Do New Year’s Resolutions Work? Data Suggests They Do!

Many people, especially in the Western Hemisphere, make New Year’s resolutions. Some of those resolutions are about blogging. Indeed, blogging is a great way to perform personal introspection, it’s a professional development aid, and a way to connect with like-minded people all over the internet. Do these resolutions work? Do blogs registered around the new year have higher chances of surviving longer than blogs registered at other times of the year?

Illustration: four statues contemplating own navels

Omphaloskepsis — contemplation of one’s navel as an aid to introspection. Or you can start a blog.

Methodology

Before answering these questions, we need to make several decisions. For example, do we want to include spammers in our analysis? Sure, one’s New Year’s resolution might be “spam more to get more money.” However, since most of us dislike spammers, and Automattic, the company that hosts WordPress.com, actively chases spammers, we will exclude them from this analysis.

This was an easy decision. What about people who create a blog, and lose the motivation to update it the day after registration? Sounds like a clear “exclude” decision, right? What about one week? One month? How long should we wait before we decide that a blog is no longer active? Is one month enough? Not always. What about a year? A year sounds like too long for most of us.

As you can see, there are many unsolved questions that need to be answered before addressing the question that really interests us. Luckily, in a comparison study like this one, applying reasonable decisions to all the analysis groups reduces the effect of the arbitrary choices.

So, do blogs registered around a new year have higher chances of surviving longer? To answer these questions, we looked at WordPress.com blogs that are:

  • Public.
  • Don’t host spam or mature content.
  • Do not belong to the WordPress.com VIP program.
  • Have language_id set to English. Since New Year’s resolutions are a cultural phenomenon, we’ll only concentrate on an English-speaking segment of WordPress.com.
  • For which the difference between the “last updated” and the “registered” dates was at least seven days.

Now, we need to set the criteria that indicates an abandoned blog and pinpoint the time at which that happened. Again, we have to rely on arbitrary decisions. For the purpose of this analysis, a blog updated at least once during the last 60 days is considered to be an active blog. If the blog has not been updated in the last 60 days, we consider the date of the last update as the blog’s date of abandonment.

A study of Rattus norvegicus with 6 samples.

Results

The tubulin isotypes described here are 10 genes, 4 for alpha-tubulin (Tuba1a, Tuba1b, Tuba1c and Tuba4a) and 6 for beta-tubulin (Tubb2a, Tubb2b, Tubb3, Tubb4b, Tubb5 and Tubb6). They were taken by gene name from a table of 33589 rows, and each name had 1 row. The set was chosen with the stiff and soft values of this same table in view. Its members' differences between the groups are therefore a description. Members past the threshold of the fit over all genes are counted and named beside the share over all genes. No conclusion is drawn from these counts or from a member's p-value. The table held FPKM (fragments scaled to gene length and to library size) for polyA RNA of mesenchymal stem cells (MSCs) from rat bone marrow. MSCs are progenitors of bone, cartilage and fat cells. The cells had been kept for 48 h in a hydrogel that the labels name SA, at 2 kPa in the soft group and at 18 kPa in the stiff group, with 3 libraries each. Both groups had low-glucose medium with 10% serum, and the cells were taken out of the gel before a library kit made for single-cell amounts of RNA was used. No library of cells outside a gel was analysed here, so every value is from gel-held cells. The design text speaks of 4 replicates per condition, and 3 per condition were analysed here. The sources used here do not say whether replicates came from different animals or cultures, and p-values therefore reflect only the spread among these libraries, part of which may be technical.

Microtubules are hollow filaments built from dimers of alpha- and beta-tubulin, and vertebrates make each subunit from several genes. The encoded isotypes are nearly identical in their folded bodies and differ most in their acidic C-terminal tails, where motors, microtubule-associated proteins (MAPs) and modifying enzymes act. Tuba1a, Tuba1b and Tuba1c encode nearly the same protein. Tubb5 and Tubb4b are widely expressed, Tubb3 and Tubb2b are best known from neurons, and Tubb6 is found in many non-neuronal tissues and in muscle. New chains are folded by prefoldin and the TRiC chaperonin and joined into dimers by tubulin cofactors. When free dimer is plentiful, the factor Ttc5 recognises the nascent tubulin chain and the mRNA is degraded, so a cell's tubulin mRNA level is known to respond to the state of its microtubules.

Results

We’ll separate the entire population into two groups and track the “survival curve” of the blogs in our study. In the “New Year’s resolution” group, are all the blogs that were registered one week before or after a new year.

Graph showing survival curves of two groups of blogs. Blogs that were created around the new year have 5.4% more chances to survive

As we see from the curves above, blogs registered around the new year have a higher probability of being active six months later: 5.4% higher than the “general population.” Is a 5.4% increase in blogging survival probability a significant improvement? I don’t know. However, if you want to try blogging, NOW is the right time to start. You see, according to our data, blogs that start before or on the new year have a slight advantage over blogs that start after it. Better now than later.

Graph showing survival curves of three groups of blogs. Blogs that were created before the new year have 6.4% higher chance to survive. Blogs created after the new year have 4.3% higher chance to survive.

The cautious reader will note that the correlation (the connection between observations) does not imply causation (that one event causes another one). It is true that we don’t know whether starting a blog around a new year increases its chances of survival, or whether people with high motivation tend to start their blogs around a new year. Some research suggests that public commitment (such as a New Year’s resolution) is an effective way to ensure persistence. The truth is that you will never know. On the other hand, the only certain way to fail is not to try at all.

Ready to put your New Year’s blogging resolution in place? Sign up and get started today.

Omphaloskepsis image by Gregg Tavares under CC-BY 2.0. cropped

4 thoughts on “Do New Year’s Resolutions Work? Data Suggests They Do!

  1. I would like to thank Professor Richard Wiseman (https://richardwiseman.wordpress.com/) whose book “59 Seconds: Change Your Life in Under a Minute” gave me the idea to this post. In his book, Prof. Wiseman mentions studies that show that people are more likely to keep their decision if they are made in public. A New Year resolution fits the description of a publically-made decision very well.